From our point of view (accountant) it is all about the installation and supply.
Businesses that supply materials only must charge VAT usually at the standard rate currently 20%.
However there are some situations when lower rates of VAT can be charged.
New Builds and Listed Buildings
Where we supply the materials and provide the installation in a building that is either a new build or a listed building we can supply at 0% VAT.
The Reduced 5% Rate
The reduced rate applies to installations in residential accommodation or a building used solely for a relevant charitable purpose of
- solar panels
- ground and air source heat pumps
- wood fuelled boilers
- wind and water turbines
- draught stripping
- controls for central heating and hot water systems
What does not qualify for the reduced rate?
- secondary or double glazing
- energy efficient fridge freezers
- energy efficient boilers
- materials you buy without them being installed
Grants for Energy Saving Equipment
If you are 60 or over you could get the lower rate on installation, maintenance and repair of a central heating system and a renewable source heating system.
Also if you are on certain benefits you will get the lower rate on the installation of heating appliances such as specific types of immersion heaters, boilers, storage heaters, gas heaters and radiators.
For installations that are owned by individuals, depending on the size and nature of the installation, the receipt of the income from the feed in tariff (FIT) (and export tariff) may or may not be subject to income tax. The Renewable Heat Incentive is currently only available to commercial installations and therefore will be taxable.
If there is no intention to generate significantly more energy than would be consumed onsite; the FIT income is exempt to income tax. This is only if the microgeneration equipment is installed at or near to a domestic premises.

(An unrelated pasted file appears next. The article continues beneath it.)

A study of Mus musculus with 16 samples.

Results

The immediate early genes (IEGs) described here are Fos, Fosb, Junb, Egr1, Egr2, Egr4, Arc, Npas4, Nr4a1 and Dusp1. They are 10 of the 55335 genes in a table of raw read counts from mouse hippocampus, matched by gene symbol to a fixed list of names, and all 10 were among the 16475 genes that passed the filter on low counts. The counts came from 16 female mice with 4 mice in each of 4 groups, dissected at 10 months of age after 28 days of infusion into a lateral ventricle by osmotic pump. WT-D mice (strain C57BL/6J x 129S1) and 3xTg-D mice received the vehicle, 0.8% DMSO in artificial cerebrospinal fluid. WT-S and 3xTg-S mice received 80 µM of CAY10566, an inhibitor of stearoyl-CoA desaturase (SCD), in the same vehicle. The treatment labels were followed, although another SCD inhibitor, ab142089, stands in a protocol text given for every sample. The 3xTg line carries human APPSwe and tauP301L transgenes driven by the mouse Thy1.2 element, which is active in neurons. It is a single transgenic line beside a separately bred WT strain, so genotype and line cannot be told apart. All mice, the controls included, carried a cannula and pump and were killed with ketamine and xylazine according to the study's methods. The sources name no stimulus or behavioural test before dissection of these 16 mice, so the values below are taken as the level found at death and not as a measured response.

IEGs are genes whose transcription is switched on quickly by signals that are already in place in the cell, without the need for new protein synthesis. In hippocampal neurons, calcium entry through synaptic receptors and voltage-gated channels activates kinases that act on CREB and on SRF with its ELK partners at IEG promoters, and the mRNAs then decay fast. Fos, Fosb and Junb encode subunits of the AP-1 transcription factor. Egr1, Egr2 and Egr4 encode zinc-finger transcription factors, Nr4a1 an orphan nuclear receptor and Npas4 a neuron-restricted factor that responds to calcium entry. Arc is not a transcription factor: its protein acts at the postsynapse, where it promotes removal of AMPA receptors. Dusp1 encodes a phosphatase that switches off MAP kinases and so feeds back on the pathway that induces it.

For FIT generating assets owned by individuals, partnerships and other non incorporated entities that do not meet the above criteria (and all RHI assets), the normal income tax rules will apply to any profit derived from the generation of electricity/heat.
Incorporated entities that generate electricity/heat and recieve income from FIT/RHI (and income from the sale of electricity/heat) will be fully taxable as a trading entity and subject to normal corporation tax rules.
Expenditure on Solar Panels are to be treated as special rate expenditure i.e. allocated to the special rate pool on which capital allowances will be claimed at 8% Writing down Allowance (WDA) per annum. (The taxpayer will still be able to claim the AIA against such expedaiture).
Machinery and Plant allowances of 18% WDA per annum can be claimed on other electrical/heat generating assets provided it is not a long life asset (this is a life under 25 years). On other aspects of the renewable installation, capital allowances will be subject to the usual rules.
Expenditure is subject to 8% WDA if the asset meets the definition of long life assets.
The AIA can still be claimed on assets on which the tarrif is recieved. This was increased from £25 to £250k per annum from 1/1/13 until 31/12/14.
If your assets on which the tariffs have been paid under either the FIT or RHI schemes, Enhanced Capital Allowances (ECAs) will not be available. However, the taxpayer will have the option, they can either claim ECAs or the tariff. If they claim ECAs and sunsequently recieve a tariff payment then the ECAs will be clawed back. For CHP (Combined Heat & Power) installations the ECAs change took place in April 2014.